Some OnePlus and Meizu devices might not be as powerful as your trusted benchmarks tests say.
XDA-Developers reports that the two phone-makers have apparently tweaked some of their top-selling devices, including the OnePlus 3 and 3T as well as the Meizu Pro 6, to artificially boost CPU performance when running benchmark tests.
Unlike standard testing optimizations, the phones have been modified to automatically switch their processors into full performance mode anytime widely-used benchmarks are detected.
The publication notes the rigged processing performance can be observed when monitoring the differences in CPU activity between running regular apps and benchmark apps. But both OnePlus and Meizu have different approaches of accomplishing this.
While OnePlus has programmed both its big and small processor cores to idle at 0.31 GHz for non-benchmark tools, the processing power of both cores increases to, respectively, 1.29 GHz for the big one and 0.98 GHz for the small one as soon as benchmarking apps are detected.
In addition to this, OnePlus appears to have hard-coded a list of benchmark apps and tests (Geekbench, AnTuTu, Quadrant, Androbench, Vellamo and GFXBench) into its firmware. As XDA-Developers points out, this could explain why running a “disguised” version of Geekbench 4 under a different name failed to trigger the high-performance mode on the OnePlus 3T.
In the case of Meizu, XDA-Developers discovered the manufacturer has modified its big cores to activate whenever benchmarks are detected. While the big cores are expected to switch on anytime the device requires additional processing might, the Pro 6 appears to have been set to keep the big cores idle until benchmarks have started running. In other words, while the Pro 6 might not rely on the big cores when running regular apps (even when extra processing power might be required), they will certainly be activated during benchmarks.
OnePlus has confirmed the misleading configuration to XDA-Developers, promising to stop cheating benchmarks by limiting artificial CPU boosting exclusively to games (for purposes of ensuring smooth performance). This is what OnePlus had to say:
In order to give users a better user experience in resource intensive apps and games, especially graphically intensive ones, we implemented certain mechanisms in the community and Nougat builds to trigger the processor to run more aggressively. The trigger process for benchmarking apps will not be present in upcoming OxygenOS builds on the OnePlus 3 and OnePlus 3T.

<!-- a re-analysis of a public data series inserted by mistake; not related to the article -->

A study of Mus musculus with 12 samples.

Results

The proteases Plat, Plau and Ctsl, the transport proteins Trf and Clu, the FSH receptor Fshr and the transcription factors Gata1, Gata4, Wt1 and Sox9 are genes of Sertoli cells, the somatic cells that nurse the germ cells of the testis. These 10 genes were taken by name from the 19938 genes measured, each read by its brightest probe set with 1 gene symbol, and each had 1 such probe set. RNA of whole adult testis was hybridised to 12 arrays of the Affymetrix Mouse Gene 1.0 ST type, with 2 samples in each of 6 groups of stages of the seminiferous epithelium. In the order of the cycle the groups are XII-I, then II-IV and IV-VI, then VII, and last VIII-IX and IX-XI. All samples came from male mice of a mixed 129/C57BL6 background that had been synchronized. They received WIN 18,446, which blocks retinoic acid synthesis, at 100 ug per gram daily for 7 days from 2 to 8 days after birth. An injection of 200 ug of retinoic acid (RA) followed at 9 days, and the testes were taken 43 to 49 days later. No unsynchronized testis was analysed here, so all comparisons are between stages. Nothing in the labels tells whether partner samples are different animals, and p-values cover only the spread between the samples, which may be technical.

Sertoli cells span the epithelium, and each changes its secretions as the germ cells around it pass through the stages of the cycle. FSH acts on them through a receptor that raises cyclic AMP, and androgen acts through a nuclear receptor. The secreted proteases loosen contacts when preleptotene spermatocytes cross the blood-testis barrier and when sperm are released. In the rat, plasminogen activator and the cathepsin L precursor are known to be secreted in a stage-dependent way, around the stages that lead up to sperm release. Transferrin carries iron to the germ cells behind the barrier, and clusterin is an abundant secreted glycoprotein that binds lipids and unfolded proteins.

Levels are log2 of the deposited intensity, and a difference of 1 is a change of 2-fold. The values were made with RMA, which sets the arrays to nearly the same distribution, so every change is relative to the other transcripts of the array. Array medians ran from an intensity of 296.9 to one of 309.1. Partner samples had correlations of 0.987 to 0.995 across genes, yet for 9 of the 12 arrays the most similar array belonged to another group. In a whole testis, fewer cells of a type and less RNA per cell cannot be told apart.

The publication further notes that, while OnePlus is certainly not the only one resorting to such practices, so far it’s the only phone-maker to acknowledge any wrongdoing – not that this alleviates its actions in any way. Meizu is yet to follow their example.
In any case, it is worth pointing out that XDA’s findings suggests the improvements in performance in the case of OnePlus were rather insignificant. It also stressed that the artificial throttling had virtually no impact on OnePlus 3 and 3T reviews as the modification wasn’t yet implemented at that time.
More alarmingly, however, XDA-Developers revealed that in addition to OnePlus and Meizu, the news outlet discovered similar irregularities when running benchmarks on phones manufactured by other brands.
While the publication refrained from naming any potential offenders until more research has been conducted, it shared some of the companies that haven’t been caught cheating. As of now the list includes Google, HTC, Xiaomi, Huawei, Honor and Sony.
Back in 2013, Samsung was caught pulling off a similar trick to simulate performance gains on the Galaxy Note 3. While the South Korean giant faced a heated backlash, AnandTech eventually published a report showing that a number of other major manufacturers, including LG, ASUS and HTC, had similarly engaged in the same practice.
Read the full report by XDA right on the sources list.